Some movie productions are worth a thousand nightmares. So notorious are they, the details of what went down can scarcely be believed. A fabled few bypass history all together and bed down in mythology. Did it really happen? Was it that bad? There are film-making fiascos and then there is Richard Stanley’s catastrophic attempt to update H.G. Wells’s classic sci-fi novel, The Island of Dr. Moreau.
Unlike other epic follies, Lost Soul – The Doomed Journey of Richard Stanley’s Dr. Moreau isn’t about hubris and volatile egos clashing daily. Well, it is, but Stanley was long gone by then and can’t be blamed for all that. Fortunately, David Gregory’s new documentary is not a revisionist take on Stanley’s concept and material as a masterpiece aborted by scared exes. What is perhaps most striking – judging from storyboards and concept art works – is the South African director’s vision of Wells’s novel looked utterly insane, unworkable from the get-go and quite revolting.
It becomes clear, too, over the course of ninety-five minutes, that Stanley was out of his depth in the Hollywood machine. It’s also fair to note, certainly judging from the opinions of the cast and crew, that Stanley lost his mind. Several crew members attest that their director’s eccentric behaviour and shooting methods disconcerted the moneymen and alienated the production crew.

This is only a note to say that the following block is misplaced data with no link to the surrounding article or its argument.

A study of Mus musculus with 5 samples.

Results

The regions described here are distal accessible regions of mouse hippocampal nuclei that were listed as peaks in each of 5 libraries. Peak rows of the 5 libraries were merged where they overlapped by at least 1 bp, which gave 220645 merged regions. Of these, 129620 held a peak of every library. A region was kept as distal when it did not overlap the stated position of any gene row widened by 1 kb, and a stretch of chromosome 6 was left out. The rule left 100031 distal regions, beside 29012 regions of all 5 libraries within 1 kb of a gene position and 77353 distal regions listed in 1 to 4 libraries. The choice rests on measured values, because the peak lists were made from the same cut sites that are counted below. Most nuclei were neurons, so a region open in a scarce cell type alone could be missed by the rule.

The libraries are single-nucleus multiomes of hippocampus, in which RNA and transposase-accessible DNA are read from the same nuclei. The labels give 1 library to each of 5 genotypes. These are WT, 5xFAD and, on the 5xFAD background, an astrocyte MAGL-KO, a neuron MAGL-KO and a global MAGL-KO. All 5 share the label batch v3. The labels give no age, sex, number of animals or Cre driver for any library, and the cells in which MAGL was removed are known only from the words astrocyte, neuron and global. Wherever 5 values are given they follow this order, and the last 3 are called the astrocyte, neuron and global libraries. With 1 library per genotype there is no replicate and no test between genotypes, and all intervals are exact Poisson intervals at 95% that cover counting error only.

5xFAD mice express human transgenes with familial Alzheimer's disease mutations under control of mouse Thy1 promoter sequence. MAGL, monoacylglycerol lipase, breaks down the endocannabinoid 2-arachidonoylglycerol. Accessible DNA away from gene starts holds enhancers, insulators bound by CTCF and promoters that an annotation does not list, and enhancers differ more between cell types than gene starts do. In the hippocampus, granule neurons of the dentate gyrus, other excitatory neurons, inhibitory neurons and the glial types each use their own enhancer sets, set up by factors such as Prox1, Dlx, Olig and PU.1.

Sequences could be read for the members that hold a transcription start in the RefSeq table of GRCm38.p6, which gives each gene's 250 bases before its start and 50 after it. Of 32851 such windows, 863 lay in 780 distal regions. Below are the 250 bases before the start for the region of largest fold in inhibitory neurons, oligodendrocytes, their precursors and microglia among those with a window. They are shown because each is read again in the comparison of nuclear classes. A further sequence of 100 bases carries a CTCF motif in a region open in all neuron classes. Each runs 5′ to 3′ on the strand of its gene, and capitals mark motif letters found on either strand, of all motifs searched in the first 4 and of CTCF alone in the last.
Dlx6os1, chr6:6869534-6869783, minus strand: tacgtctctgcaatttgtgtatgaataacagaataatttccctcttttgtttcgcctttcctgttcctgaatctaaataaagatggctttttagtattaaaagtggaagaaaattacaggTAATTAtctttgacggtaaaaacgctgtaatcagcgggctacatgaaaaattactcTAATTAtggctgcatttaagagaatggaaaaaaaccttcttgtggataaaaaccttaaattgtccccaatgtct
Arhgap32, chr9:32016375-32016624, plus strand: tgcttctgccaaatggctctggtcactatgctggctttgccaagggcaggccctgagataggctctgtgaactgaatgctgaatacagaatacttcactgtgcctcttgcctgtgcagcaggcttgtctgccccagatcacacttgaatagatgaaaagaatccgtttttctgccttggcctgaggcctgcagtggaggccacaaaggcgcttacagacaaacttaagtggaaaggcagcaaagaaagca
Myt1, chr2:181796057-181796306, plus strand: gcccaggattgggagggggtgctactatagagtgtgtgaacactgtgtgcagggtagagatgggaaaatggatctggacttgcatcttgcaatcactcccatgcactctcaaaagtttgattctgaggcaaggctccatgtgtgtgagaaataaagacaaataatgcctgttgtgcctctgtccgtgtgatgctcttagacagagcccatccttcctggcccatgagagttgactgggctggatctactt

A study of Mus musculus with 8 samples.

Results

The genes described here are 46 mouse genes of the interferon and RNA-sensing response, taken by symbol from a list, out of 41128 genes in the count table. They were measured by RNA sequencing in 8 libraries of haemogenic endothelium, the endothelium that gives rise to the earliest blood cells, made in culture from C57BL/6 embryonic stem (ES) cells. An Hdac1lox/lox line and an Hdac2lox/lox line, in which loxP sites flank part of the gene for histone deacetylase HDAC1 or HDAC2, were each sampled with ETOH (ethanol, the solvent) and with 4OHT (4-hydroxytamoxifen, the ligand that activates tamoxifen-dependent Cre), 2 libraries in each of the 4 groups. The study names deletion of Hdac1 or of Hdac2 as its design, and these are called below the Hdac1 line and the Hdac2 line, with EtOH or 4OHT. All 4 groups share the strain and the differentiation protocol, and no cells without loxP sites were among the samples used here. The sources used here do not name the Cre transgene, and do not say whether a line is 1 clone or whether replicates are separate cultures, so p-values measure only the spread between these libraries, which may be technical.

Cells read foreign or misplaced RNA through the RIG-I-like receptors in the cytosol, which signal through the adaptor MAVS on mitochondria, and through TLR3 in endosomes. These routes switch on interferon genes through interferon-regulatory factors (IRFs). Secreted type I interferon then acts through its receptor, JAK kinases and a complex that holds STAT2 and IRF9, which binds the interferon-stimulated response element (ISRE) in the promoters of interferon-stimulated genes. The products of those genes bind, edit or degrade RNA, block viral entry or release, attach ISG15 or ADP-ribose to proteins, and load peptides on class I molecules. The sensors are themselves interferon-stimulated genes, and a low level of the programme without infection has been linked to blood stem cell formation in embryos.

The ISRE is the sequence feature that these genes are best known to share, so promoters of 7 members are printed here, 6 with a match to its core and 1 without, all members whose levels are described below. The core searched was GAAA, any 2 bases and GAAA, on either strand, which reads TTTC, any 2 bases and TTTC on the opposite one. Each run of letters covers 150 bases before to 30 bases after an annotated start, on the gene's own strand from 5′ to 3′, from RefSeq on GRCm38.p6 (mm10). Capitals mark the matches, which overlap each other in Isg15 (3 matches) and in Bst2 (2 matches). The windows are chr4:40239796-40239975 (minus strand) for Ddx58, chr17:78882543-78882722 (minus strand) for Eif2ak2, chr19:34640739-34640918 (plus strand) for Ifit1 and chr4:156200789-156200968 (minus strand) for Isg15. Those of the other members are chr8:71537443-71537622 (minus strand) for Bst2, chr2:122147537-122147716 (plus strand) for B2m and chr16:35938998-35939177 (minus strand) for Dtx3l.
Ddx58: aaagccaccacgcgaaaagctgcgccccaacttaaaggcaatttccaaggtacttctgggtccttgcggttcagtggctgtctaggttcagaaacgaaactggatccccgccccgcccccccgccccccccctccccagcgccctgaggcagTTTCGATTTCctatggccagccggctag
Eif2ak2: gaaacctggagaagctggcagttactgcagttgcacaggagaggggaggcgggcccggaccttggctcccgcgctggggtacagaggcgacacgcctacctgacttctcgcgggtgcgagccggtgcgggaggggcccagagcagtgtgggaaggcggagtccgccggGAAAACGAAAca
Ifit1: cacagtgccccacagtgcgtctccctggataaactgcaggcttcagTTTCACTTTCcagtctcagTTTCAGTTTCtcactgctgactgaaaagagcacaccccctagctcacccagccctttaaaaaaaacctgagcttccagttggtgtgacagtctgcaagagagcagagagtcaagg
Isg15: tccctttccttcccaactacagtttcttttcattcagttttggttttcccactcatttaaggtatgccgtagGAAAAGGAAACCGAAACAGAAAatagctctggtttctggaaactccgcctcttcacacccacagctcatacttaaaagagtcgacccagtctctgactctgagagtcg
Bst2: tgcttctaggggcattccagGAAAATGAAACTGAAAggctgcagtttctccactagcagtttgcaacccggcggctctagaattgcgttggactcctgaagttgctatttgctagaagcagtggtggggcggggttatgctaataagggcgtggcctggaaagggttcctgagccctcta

Lost Soul is absolutely fascinating and occasionally hilarious. A traditionally structured doc, it’s a mixture of talking heads interviews and some incredible archive on-set footage, Stanley comes across as still wounded by the experience and cuts a rather sad figure. The film does confirm one much-talked about legend as absolute fact. Richard Stanley did indeed sneak on to John Frankenheimer’s set dressed up as an animal extra and took part in a few scenes. The first AD, James Sbardellati, recalls how one extra’s vigorous performance was noted as particularly excellent, but drew suspicions because he never removed his mask.